Graham Reid | | 4 min read
Duke Ellington famously observed there’s only two kinds of music, good and bad.
He may well be right. But there's also hey-nonny-nonny folk music, most of which frankly I don't consider music at all. It’s a mistake.
Most of my life I’ve managed to avoid folk - except for one year when I was asked to judge the category for our annual Music Awards. This was such a ludicrously hilarious suggestion (had these people never read anything I’d written about it?) that I accepted immediately. I faithfully listened to all the albums and came away more convinced than ever that this was dreary and earnest stuff lacking in all but the most forced humour.
My jazz equivalent is Dixieland: all those banjo players and clarinettists with their silly band uniforms of bow ties, loud waistcoats and straw hats. Of course there were always a few exceptions: a man would be a fool to dismiss Louis Armstrong, perhaps the most important musician of the last century, right? But by and large Dixieland never darkened my stereo.
Well, I had my epiphany and needless to say it was Ken Burns' Jazz series which turned me around.
To hear the original music placed back in its historical and cultural context meant that it rnade a whole lot more sense. So it wasn’t just guys in boaters on the back of a flatbed truck on a Sunday afternoon? As John McDonough’s essay in the Oxford Companion to Jazz points out: “Although history tends to condescend to Dixie today, in the late 30s it was still a significant, free-spirited and relatively contemporary alternative to what some saw as the regimentation of the big bands."
Of course before the 30s Dixieland - which essentially just meant the early New Orleans style - was one of the first distinguishable kinds of music that we would call jazz. lt was a clearly identifiable style by 1900 according to historian Charles Edward Smith, and in its staccato styte it appears to have been influenced by syncopated ragtime. It was about group improvisation (although there were exceptional solo musicians) and a chief feature was its lively pace.
Part two of my Dixieland epiphany came with a series of four albums presented by one of New Orleans' finest practitioners of the style, clarinettist Pete Fountain. Fountain seldom rates a mention in most jazz histories, but he lived in New Orleans for all but a coupie of years of his life, had a well-known (if touristy) club there and is considered an authority on the style.
His CD series, Pete Fountain Presents the Best of Dixieland (on Verve), are separate discs featuring a disc each of Armstrong, trumpeter Ai Hirt, and himself.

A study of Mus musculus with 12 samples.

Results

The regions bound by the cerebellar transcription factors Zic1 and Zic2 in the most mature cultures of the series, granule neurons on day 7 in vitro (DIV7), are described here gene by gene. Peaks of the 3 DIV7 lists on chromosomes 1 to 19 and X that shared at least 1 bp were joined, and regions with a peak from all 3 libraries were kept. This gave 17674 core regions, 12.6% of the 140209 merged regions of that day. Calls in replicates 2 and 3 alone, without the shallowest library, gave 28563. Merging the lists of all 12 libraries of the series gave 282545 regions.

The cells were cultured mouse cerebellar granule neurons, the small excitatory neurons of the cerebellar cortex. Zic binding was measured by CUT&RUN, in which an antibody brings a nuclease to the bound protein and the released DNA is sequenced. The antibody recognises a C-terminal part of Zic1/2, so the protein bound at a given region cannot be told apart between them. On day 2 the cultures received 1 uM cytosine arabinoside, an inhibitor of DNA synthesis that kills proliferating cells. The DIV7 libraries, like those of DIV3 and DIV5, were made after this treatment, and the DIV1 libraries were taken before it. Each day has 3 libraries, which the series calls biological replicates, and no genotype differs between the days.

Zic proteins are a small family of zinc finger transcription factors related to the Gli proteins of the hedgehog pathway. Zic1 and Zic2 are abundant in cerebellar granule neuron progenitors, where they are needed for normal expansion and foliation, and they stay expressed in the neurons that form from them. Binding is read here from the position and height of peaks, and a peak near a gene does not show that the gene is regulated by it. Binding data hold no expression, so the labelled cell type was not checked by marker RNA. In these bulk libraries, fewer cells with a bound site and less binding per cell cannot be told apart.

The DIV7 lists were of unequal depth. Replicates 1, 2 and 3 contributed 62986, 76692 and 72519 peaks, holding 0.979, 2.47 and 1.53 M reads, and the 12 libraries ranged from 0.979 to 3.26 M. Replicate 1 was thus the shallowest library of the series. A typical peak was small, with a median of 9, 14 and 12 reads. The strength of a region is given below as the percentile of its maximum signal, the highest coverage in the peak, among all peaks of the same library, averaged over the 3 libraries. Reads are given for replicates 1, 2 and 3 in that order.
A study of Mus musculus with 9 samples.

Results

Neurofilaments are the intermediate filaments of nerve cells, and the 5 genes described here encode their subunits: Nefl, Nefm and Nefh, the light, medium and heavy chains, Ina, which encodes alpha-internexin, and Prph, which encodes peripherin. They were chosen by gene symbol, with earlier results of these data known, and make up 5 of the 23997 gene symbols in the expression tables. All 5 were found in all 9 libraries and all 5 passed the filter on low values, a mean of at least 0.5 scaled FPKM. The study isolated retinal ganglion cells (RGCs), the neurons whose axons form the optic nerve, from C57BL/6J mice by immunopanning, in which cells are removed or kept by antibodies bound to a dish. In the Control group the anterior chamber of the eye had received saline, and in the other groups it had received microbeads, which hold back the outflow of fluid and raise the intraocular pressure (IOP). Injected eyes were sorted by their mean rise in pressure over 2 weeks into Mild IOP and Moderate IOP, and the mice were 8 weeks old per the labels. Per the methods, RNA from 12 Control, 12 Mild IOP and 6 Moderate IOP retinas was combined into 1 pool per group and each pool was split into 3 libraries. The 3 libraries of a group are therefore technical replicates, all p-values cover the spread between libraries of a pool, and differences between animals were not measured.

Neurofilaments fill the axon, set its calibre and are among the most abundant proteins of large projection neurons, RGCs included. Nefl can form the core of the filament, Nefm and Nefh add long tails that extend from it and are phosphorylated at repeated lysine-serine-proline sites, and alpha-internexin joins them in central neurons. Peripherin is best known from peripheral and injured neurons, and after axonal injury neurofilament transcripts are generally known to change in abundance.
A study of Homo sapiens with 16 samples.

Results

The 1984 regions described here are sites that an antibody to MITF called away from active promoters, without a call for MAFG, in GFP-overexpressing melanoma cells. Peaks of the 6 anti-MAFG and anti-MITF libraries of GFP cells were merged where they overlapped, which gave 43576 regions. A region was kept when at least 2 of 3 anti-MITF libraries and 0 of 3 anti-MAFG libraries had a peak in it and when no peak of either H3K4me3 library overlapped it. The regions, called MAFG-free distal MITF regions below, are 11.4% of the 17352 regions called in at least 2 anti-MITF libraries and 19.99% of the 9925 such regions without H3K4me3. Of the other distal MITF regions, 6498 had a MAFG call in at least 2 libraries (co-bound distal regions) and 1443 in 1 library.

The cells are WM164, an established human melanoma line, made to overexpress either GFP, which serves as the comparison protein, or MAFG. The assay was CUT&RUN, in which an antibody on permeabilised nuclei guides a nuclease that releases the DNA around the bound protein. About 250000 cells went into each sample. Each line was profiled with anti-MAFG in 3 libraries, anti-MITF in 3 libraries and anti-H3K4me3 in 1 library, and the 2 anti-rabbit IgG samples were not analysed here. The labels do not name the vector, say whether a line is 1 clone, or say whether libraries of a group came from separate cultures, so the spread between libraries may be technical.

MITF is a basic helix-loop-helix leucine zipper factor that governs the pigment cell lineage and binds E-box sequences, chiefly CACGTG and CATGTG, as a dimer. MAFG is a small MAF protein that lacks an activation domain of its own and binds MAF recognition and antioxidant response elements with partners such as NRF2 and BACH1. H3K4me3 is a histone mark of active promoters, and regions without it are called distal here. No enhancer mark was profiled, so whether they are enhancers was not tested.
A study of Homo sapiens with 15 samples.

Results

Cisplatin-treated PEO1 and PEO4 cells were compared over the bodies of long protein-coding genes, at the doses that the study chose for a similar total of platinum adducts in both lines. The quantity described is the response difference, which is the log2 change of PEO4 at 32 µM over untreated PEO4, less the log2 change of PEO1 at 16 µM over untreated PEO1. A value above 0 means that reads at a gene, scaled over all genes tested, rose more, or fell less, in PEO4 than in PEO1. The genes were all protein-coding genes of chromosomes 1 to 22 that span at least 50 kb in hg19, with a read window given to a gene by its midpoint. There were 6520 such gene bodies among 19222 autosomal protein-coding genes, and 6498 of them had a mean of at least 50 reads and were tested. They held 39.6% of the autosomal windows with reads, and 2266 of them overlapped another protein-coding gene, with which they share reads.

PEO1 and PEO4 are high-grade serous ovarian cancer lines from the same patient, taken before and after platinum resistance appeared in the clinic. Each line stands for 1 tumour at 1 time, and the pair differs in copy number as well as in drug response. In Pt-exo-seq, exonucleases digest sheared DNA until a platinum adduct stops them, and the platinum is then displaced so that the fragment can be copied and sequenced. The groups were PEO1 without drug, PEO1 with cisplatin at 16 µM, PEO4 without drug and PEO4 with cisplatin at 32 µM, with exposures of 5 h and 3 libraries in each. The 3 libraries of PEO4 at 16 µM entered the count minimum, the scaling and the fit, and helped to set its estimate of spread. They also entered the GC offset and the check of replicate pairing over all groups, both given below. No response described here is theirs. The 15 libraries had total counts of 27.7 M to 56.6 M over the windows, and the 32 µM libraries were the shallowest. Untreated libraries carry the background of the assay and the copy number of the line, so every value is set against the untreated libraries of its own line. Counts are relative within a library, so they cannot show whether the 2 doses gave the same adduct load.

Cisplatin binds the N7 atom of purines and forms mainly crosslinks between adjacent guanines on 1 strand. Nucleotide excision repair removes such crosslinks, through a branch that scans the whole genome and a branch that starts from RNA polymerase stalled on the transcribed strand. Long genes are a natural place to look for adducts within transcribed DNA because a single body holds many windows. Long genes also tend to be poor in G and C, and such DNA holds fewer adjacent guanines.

There is also a compilation simply entitled The Best of Dixieland. Of course the Armstrong (earliest track is 1927, latest is 1958) is where any sensible, curious listener would start, and it’s exceptional. It’s also good fun.
On Back o’Town Blues Armstrong sings, "'I had a woman . . . " and a voice from the band says, "So what, I had 10". "Stop braggin' " fires back Armstrong without missing a beat.
There's a fine, seven-minute treatment of Basin Street Blues from 1958, where the clarinet of Peanuts Hucko weaves surreptitiously behind Armstrong’s assured trumpet lines, and there’s a lovely duet with pianist Billy Kyle (from 57) on Dear Old Southland.
The album is an easy entry point to the sound of Dixieland and covers some of the standards: Canal Street Blues, Muskrat Ramble, Way Down Yonder in New Orleans and, yes, When the Saints Go Marching In.
Al Hirt, who died in 1999 aged 77, didn’t play with the gravitas of Armstrong and these days -- like Fountain -- is barely accorded a footnote in the books. He was classically trained and early on played in swing bands in the north.
He returned to New Orleans but the music had moved on and Dixie bands found it hard to get work. But in the Fifties he teamed up with Fountain (whoever got the gig became bandleader) and in '56 they recorded the material they'd been playing in clubs.
That album was Al Hirt’s Jazz Band Ball, recorded for Verve and produced by Norman Granz. It’s that which is reissued in this series, and it’s at its best in slower bluesy material like the straight-ahead Blue and Broken Hearted.
Partly because they played unfashionable music, Hirt has never really had his due outside of those who know the style. There’s ample evidence here he deserves better than a footnote.
The Fountain disc is Pete’s personal picks of highlights from a 100 album career and includes some great names such as trumpeters George Girard (who died at 26 of cancer) and Charlie Teagarden, and guitarist Bobby Gibbons (guitar a surprisingly uncommon instrument in Dixie bands.) Pianist Armand Hug (on the opener Mahogany Hall Stomp) is a reai discovery, and Fountain has a gorgeous tone.
The final 12 tracks on the 19 track collection come from Fountain's Mardi Gras Strutters recorded in 1963, and they sound as lively as anything from four decades before.
The 15 track Best of Dixieland collection includes material by Bob Crosby and his Orchestra, Armstrong, Eddie Condon and His Windy City Seven, Johnny Dodd’s Black Bottom Stompers and clarinettist Bob Wilber with Jack Teagarden, the trombonist with Louis’ All Stars in the Forties.
Selective picking says get the Armstrong then check out the compilation. After that if you’re hooked go for the Hirt then the Fountain. Some of this is very cool stuff.
It is vibrant, lively, surprisingly soulful and often just plain good fun.
Dixieland being played in my house? Who would have thought?
My friends look at me funny, and I don't care.